If you’re new to working out, one of the first questions you probably have is how often you should be exercising each week. Whether your goal is to get stronger, shed fat, or drastically improve your fitness levels, the first step is planning out your weekly sessions so you can stay consistent with your hard work.
While there isn’t necessarily a one-size-fits-all formula when it comes to a workout schedule, there’s a general number that you should aim for when you’re just starting out if you want to get stronger, maintain lean muscle, and shed fat. Here’s how you should plan on breaking up your cardio and strength-training sessions each week.
How many weekly strength training sessions should I do?
Studies show that strength training just once a week doesn’t show much difference in the body, and while lifting weights twice a week showed more improvement, the body actually shows tremendous grains by strength training at least three times a week. By increasing your strength sessions from two to three times a week, you’ll see 12 percent more muscle gain and 13 percent more fat loss.
When you’re planning out your strength sessions, be sure to give your body a rest day in between each workout so your muscles can fully recover. The gains you make don’t actually happen in the gym — they happen when you’re resting. So planning two back-to-back heavy leg sessions isn’t a good idea. Give yourself at least a day for those muscle groups to recover before hitting them again.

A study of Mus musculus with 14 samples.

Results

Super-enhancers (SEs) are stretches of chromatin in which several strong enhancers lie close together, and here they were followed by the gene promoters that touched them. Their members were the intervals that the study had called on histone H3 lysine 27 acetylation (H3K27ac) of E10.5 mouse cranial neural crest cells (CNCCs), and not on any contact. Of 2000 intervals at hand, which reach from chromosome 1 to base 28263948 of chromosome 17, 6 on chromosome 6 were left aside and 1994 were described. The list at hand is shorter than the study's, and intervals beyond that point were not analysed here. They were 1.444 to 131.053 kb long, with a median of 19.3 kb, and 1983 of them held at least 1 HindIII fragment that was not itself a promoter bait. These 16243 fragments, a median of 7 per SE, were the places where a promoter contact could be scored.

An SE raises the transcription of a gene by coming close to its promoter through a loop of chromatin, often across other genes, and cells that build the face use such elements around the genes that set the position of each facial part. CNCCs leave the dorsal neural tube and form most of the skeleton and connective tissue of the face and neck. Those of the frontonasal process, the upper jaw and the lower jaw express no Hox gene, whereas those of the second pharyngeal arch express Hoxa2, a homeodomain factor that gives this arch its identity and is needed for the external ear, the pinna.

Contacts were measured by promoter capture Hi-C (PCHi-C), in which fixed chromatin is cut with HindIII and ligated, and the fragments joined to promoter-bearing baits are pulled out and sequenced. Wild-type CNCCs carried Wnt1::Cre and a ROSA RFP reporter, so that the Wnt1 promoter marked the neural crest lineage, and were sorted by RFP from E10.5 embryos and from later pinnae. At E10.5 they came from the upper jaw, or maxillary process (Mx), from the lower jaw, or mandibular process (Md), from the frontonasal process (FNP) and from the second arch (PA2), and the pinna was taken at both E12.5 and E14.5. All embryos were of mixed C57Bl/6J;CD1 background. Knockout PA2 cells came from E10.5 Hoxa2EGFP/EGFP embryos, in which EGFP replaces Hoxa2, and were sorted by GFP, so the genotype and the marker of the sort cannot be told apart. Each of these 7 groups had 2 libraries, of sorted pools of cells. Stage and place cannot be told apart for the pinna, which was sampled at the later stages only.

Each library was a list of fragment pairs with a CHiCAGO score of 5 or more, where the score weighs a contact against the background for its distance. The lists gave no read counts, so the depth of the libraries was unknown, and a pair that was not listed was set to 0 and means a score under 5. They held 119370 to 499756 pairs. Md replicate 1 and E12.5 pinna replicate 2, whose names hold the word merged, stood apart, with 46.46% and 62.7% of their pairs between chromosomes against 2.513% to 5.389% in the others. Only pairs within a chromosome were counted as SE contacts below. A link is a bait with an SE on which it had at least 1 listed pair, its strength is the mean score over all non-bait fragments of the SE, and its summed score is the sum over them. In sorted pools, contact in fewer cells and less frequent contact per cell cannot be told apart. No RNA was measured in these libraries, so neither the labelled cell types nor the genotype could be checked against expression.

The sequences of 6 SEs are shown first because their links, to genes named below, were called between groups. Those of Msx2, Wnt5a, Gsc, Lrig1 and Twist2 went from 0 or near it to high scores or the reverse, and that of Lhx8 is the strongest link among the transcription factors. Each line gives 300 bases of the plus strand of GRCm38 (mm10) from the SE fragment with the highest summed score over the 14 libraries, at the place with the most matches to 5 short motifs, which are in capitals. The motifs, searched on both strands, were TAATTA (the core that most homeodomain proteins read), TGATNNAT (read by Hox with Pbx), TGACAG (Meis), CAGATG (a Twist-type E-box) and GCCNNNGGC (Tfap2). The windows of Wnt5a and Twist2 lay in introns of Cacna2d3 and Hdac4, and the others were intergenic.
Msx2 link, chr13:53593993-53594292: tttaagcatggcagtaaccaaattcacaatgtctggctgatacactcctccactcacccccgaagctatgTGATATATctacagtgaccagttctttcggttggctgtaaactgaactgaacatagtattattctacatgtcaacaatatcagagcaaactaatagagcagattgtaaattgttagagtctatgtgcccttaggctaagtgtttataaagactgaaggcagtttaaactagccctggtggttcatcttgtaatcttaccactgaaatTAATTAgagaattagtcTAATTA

Although three strength sessions each week is a great place to start, that doesn’t mean you can’t do more. Once you’re feeling strong enough and you’re improving, add in more sessions throughout the week.
How many weekly cardio sessions should I do?
This all depends on what your goals are. If you’re trying to lose weight and shed fat, you want to be in a calorie deficit (eating less calories every day than you’re expending), and doing cardio regularly will help you reach that goal. Doing cardio 3-5 times a week for 30 minutes or more at a time is a great way to speed up fat loss. If you’re doing cardio and strength training on the same day, it’s best to do your weightlifting first and then finish off with cardio.
What you do for cardio is entirely up to you. You can either choose LISS (low-intensity sustained state), like going for a distance run or a rigorous hike, or HIIT (high-intensity interval training), such as a circuit class at your gym or a Tabata style workout. Both are effective and excellent ways to improve your cardiovascular health.
No matter what you decide, make sure you choose something you actually enjoy doing. If you hate HIIT classes, don’t take them. If you despise running, don’t even bother lacing up those running shoes. Consistency is the most important rule when it comes to improving your fitness and getting stronger. If you hate doing it, you won’t do it — so choose whatever cardio you know you will actually complete.